When you hear the name "Hugh Jackman," odds are the first thing that comes to mind is 20th Century Fox's now-concluded "X-Men" franchise. From 2000 to 2017, he took on the iconic role of Wolverine, using his adamantium claws to become a Hollywood bigshot in short order. However, in the years before, during, and following his run in the Marvel Universe, Jackman rose to prominence through several other beloved projects, ranging from director Christopher Nolan's "The Prestige" to a 2012 cinematic adaptation of "Les Misérables." Perhaps his most prominent recent venture was 2017's "The Greatest Showman," helmed by first-time director Michael Gracey.

Released a mere few months after the closure of Ringling Bros. and Barnum & Bailey Circus, "The Greatest Showman" told a fictionalized rendition of the life of one of its figureheads, the late P.T. Barnum. It assembled a number of A-list talents to pull it off, including the aforementioned Jackman as Barnum, Michelle Williams as Charity Hallett-Barnum, Zac Efron as Phillip Carlyle, Rebecca Ferguson as Jenny Lind, and a host of others — dazzling audiences and a fair number of critics through its visual extravagance and unforgettable original songs.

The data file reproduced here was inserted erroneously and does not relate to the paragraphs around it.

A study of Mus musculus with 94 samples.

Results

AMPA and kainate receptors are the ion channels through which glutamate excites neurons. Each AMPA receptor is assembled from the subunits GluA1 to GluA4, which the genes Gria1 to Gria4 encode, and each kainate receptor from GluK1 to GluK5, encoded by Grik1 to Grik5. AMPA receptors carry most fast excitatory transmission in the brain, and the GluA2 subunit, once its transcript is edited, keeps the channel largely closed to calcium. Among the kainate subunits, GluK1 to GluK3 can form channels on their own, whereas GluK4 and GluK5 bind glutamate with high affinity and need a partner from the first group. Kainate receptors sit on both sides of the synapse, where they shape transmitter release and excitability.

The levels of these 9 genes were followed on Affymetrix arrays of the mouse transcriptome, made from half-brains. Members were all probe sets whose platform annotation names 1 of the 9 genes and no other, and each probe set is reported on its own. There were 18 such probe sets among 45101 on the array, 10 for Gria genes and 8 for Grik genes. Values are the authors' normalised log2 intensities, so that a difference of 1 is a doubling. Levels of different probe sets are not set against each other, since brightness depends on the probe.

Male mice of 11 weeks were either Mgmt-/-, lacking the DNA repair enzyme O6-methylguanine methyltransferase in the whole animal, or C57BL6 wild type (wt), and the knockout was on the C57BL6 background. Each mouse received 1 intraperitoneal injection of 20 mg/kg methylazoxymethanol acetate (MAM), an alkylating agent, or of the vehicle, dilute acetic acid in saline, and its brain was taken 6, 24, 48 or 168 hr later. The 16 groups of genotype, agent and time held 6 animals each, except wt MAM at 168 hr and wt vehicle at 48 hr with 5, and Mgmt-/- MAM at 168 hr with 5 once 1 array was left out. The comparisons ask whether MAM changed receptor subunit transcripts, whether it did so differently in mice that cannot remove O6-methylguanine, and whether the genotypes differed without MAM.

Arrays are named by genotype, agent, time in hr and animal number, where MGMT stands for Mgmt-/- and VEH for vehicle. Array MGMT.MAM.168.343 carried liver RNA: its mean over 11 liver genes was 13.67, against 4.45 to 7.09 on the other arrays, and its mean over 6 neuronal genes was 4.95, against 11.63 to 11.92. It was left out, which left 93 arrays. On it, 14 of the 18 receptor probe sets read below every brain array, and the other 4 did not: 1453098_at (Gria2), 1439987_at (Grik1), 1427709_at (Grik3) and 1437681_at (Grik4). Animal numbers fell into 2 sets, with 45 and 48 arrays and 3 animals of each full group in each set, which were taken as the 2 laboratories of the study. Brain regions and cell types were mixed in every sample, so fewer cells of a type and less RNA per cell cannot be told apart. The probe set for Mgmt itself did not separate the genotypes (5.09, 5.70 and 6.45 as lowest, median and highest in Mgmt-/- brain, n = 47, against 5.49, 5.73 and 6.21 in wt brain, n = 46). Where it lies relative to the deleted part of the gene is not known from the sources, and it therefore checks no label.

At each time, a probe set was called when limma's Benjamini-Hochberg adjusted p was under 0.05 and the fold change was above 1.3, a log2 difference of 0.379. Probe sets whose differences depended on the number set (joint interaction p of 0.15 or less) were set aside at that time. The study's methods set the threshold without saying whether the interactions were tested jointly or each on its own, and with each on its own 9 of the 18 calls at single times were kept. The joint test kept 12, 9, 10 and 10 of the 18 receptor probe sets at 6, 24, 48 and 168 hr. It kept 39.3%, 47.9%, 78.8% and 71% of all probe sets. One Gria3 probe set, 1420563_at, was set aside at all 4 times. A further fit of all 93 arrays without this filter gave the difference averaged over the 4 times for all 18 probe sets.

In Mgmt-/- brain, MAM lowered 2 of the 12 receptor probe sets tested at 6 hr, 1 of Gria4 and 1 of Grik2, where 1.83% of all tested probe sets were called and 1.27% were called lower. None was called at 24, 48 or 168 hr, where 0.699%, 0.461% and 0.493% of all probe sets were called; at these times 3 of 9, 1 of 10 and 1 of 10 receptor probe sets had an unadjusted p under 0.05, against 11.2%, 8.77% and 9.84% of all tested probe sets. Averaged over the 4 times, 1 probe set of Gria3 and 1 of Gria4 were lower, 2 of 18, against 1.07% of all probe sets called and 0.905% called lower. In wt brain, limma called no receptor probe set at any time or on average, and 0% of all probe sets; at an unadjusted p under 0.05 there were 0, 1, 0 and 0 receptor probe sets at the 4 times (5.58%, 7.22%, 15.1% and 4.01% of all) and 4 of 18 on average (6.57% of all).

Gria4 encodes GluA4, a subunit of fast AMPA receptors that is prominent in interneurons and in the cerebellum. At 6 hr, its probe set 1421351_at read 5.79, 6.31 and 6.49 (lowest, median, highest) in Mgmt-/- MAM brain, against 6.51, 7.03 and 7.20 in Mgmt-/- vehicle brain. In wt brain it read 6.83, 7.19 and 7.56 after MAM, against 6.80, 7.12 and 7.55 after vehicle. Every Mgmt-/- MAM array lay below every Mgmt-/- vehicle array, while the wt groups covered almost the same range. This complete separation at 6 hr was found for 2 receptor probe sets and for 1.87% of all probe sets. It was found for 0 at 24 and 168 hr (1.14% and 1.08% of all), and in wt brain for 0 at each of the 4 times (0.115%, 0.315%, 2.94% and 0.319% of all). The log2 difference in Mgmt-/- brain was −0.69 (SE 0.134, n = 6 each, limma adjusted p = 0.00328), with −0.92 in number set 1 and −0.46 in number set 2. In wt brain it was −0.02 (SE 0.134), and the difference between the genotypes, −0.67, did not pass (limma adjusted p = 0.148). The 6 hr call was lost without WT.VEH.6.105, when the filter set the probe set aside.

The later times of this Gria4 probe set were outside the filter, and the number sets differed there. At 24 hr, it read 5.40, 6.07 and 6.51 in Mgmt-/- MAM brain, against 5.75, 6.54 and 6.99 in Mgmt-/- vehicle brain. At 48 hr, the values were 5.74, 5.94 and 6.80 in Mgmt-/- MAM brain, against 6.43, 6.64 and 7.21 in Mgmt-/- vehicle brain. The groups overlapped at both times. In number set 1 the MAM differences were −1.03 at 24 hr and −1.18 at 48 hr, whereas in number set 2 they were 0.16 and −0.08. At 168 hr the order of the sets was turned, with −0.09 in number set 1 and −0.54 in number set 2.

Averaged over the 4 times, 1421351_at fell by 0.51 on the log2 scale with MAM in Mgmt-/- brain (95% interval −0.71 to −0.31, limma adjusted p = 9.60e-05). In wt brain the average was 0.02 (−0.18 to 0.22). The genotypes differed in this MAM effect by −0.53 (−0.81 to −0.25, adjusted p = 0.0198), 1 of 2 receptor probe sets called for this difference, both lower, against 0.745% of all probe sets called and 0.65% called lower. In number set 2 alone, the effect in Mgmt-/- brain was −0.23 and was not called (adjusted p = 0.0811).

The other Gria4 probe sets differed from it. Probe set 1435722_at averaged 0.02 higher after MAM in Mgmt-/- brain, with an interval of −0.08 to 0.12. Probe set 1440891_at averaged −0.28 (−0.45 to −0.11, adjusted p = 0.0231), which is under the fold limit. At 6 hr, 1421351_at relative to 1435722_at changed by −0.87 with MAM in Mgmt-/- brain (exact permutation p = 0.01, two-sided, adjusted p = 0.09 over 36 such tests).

Being the principal character of the piece, Hugh Jackman's P.T. Barnum does quite a bit of singing throughout "The Greatest Showman." But is it really the Australian-born actor in front of the microphone? Here's the reality of the Barnum-centric musical numbers.

Jackman went through the wringer for The Greatest Showman

In an interview with Variety (via Express), Hugh Jackman dished on his "Greatest Showman" experience and noted how physically demanding it was. "Vocally, sometimes you have those 'I can do anything' days, and the next day you're at 80%," he recalled, adding, "I sing notes that I've never sung. I couldn't have done that live." Not to mention, when it came time for acting and dancing, the production proved just as grueling to handle. "I have done a lot of dancing, but this was the most challenging."

So, in short, Hugh Jackman did indeed lend his vocal talents to "The Greatest Showman." However, when it came time for him and the rest of the cast to go through a table read to get 20th Century Fox on board, he didn't get to do much. The day prior, he received treatment on his nose for skin cancer, and his doctor told him point-blank not to sing, or he'd risk busting the stitches. As a result, he worked alongside Jeremy Jordan to make his part of the rehearsal work, with the Broadway star singing and Jackman silently acting out the accompanying scenes. 

Of course, Jackman did end up swapping with Jordan for "From Now On," and just as his doctor warned, the wound ripped itself wide open. He didn't regret ignoring his doctor's advice — though he apologized for it and got patched up again after the fact – as it allowed him to contribute to "The Greatest Showman" becoming the resounding success that it was. Things surely couldn't have worked out better.